Agriculture minister reveals plan to enhance farm livelihood to Khengpas

The people of Kheng had an opportunity to meet with the Agriculture Minister to discuss the pressing agricultural issues during the minister’s tour of Lower Kheng region.

The Agriculture Minister has promised to address some significant issues in the agriculture sector and to enhance the livelihood of the people through agriculture.

This comes in line with the ministry’s new policy objective establishing effective structures to promote the domestic markets, contribution to agricultural and rural development and the national food security.

Starting this year, the agriculture ministry will be focusing on three significant problems that the farmers in the country face. The ministry is also targeting to solve the human-wildlife conflict, labour shortage and enable market access for all the agricultural products.

Similarly, the ministry will identify yet another three major problem faced by the farmers across the country next year and provide assistance accordingly.

Farm Labour Shortage

The farm labour shortage is identified as one of the major impact in farming operations and agricultural development. The shortage has led to the decrease in the area of land being left under cultivated and affecting food production.

According to the Agriculture Minister, Yeshey Dorji, in order to attain food security and produce beyond self consumption, the farm labour shortage needs to be looked into immediately.

Lyonpo Yeshey Dorji said the agricultural work is never completed on time and the cost of farming has increased and resulted into insufficient food due to farm labour scarcity. Lyonpo said that attaining food self-sufficiency would be a distant dream if the problem of labour shortage is ignored.

Lyonpo also said that declining number of farm labour is significant in the Kheng region due to various reasons, and in order to alleviate the problem, the ministry would provide a power tiller in each gewogs within the next few months to ease the labour shortage.

Lyonpo added that a total of 70 power tillers have been distributed to the six eastern dzongkhags to resolve issues related to farm labour shortage.

“Power tillers are not just for tilling land, but it would also help farmers for transportation purpose,” Lyonpo said.

Access to Market

The lack of access to market has also been observed as one of the major problems in the Kheng region. Lyonpo said the ministry will

work to improving access to market by making investments in mechanization as well as in improving the road networks to connect to the market by supplying equipment to building new farms roads.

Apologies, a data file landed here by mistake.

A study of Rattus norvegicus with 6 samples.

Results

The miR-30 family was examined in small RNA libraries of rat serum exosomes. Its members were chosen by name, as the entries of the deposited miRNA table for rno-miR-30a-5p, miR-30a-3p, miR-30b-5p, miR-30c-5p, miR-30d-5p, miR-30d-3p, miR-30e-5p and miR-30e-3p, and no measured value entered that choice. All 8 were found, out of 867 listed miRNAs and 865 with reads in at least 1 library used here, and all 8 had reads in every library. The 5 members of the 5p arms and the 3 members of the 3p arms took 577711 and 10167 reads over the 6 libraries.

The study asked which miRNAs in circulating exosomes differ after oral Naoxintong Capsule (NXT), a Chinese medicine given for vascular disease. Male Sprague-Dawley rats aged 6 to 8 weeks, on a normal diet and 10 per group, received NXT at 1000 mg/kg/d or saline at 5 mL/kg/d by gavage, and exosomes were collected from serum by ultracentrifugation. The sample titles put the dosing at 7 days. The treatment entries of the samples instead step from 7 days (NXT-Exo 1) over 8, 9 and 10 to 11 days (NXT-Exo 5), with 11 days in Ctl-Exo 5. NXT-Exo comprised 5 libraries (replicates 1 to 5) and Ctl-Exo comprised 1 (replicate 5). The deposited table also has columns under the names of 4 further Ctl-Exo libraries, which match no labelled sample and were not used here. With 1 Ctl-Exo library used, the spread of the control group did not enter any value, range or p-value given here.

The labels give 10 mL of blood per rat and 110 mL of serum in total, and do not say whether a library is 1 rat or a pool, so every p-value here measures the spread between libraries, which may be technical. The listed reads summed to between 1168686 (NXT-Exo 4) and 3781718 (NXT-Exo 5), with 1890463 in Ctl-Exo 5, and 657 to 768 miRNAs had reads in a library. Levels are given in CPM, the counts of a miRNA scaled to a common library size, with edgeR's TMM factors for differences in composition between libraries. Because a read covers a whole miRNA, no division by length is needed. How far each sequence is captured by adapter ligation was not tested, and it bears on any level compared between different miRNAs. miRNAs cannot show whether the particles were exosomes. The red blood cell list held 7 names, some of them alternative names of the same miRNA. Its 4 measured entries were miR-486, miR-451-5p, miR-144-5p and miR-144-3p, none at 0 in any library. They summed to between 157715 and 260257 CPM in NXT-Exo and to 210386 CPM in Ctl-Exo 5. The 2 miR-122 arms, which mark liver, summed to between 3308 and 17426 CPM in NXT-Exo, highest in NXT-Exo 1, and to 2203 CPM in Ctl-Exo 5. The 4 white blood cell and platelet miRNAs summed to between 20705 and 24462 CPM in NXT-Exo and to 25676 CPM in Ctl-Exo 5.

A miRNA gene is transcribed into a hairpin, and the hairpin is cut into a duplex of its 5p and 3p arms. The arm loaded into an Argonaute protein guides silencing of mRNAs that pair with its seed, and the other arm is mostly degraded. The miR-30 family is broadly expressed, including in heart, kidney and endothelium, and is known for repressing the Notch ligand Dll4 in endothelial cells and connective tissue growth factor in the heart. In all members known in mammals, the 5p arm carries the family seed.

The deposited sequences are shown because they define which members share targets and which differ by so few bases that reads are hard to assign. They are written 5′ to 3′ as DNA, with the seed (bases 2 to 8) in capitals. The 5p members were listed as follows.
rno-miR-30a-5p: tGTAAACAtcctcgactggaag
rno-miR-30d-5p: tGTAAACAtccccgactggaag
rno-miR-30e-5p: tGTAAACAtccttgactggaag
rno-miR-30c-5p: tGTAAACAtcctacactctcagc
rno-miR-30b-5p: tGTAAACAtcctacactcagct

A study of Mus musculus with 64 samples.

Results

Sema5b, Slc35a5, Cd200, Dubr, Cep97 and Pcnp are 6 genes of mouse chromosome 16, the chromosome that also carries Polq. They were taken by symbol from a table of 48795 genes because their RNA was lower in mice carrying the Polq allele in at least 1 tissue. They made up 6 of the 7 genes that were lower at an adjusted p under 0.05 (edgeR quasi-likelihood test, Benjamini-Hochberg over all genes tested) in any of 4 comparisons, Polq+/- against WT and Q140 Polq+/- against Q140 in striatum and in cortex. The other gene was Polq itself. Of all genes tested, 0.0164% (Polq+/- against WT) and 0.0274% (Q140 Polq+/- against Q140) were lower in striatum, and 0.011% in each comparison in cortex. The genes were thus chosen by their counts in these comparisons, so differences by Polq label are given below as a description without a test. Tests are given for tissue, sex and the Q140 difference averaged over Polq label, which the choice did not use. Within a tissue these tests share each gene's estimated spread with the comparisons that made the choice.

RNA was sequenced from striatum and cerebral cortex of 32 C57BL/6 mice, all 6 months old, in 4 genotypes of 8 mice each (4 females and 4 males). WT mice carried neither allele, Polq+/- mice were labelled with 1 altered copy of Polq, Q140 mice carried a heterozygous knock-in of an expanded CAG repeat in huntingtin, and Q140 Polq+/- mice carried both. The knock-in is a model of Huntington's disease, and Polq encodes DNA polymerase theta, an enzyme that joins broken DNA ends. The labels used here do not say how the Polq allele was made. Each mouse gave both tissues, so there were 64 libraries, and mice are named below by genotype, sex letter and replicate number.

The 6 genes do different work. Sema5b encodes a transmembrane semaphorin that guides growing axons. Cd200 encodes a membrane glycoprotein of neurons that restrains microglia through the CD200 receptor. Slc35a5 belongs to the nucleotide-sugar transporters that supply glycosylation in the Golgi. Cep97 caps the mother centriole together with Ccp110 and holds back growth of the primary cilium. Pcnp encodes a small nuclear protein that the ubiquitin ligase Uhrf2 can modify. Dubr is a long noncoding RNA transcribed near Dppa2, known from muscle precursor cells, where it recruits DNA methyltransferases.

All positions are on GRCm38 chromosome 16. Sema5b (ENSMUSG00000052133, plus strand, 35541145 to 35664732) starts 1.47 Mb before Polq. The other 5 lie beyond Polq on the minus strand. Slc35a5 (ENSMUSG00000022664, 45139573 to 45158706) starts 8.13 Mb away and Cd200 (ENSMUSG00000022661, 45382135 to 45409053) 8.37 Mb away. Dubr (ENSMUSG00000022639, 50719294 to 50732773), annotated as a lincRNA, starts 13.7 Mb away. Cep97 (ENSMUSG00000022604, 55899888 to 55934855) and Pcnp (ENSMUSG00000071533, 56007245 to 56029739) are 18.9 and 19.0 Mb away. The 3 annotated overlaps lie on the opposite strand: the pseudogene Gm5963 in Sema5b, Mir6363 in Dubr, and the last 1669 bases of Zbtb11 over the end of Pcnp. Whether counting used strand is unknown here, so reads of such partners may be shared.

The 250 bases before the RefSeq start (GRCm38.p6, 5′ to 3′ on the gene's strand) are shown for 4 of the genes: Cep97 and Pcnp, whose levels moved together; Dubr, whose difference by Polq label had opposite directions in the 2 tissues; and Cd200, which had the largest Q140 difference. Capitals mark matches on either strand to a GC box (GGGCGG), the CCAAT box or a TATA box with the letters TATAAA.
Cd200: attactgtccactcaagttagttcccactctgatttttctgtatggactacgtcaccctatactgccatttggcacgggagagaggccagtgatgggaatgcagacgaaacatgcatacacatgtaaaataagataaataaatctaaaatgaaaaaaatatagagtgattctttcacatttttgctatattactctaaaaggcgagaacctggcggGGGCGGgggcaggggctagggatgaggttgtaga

The government’s new strategy in marketing also promises to place more incentives in producing food which would be done by upgrading and expanding the Food Corporation of Bhutan (FCB) to buy farmers’ produce. Further, the government has directed FCB to look at guaranteed buy back for certain food items.

Based on seasonal and agro-climatic comparative advantages, there is a substantial potential for local farmers and market agents to meet the increasing and changing domestic demand.

Lyonpo further said that to ease the lack of access to market the ministry will setup farm shops in the gewog centers and the opening of 5.5 kilometer long farm roads in Ngangla should help address the problem to an extent.

“The opening of farm shops in the gewog centers would enable the farmers to market their products and earn cash income,” Lyonpo said. Further Lyonpo also said that through such initiative, farmers would be encouraged to produce more and take interest in farming.

Human-Wildlife Conflict

Human-wildlife conflict is also a serious issue in Kheng, discouraging the farmers from cultivating crops as most of their crops are either damaged or devoured by the wild animals.

The use of electric and solar fencing in most part of the country for shielding crops from wild animals has proved successful. The impact assessment conducted last year by the Research Development Centre (RDC) in Wengkhar showed that the use of electric fence in the sites has reduced the human-wildlife conflict, from as elevated as 100 percentage before fencing to as low as 10 percentage after fencing.

Lyonpo said that the similar electric fencing would be provided to the farmers in Kheng and the feasibility study would be carried out within this year.

Lyonpo added that once the electric fencing is completed apart from the reduction in crop damages, there would be an increase in cultivation of crops, crop diversity, and reduction in fallow land. This also means reduced crop guarding time and also reduced crop guarding related disputes in the community, which would eventually contribute towards the national food security.

The minister will be touring other dzongkhags as well and address similar problems faced by the farmers.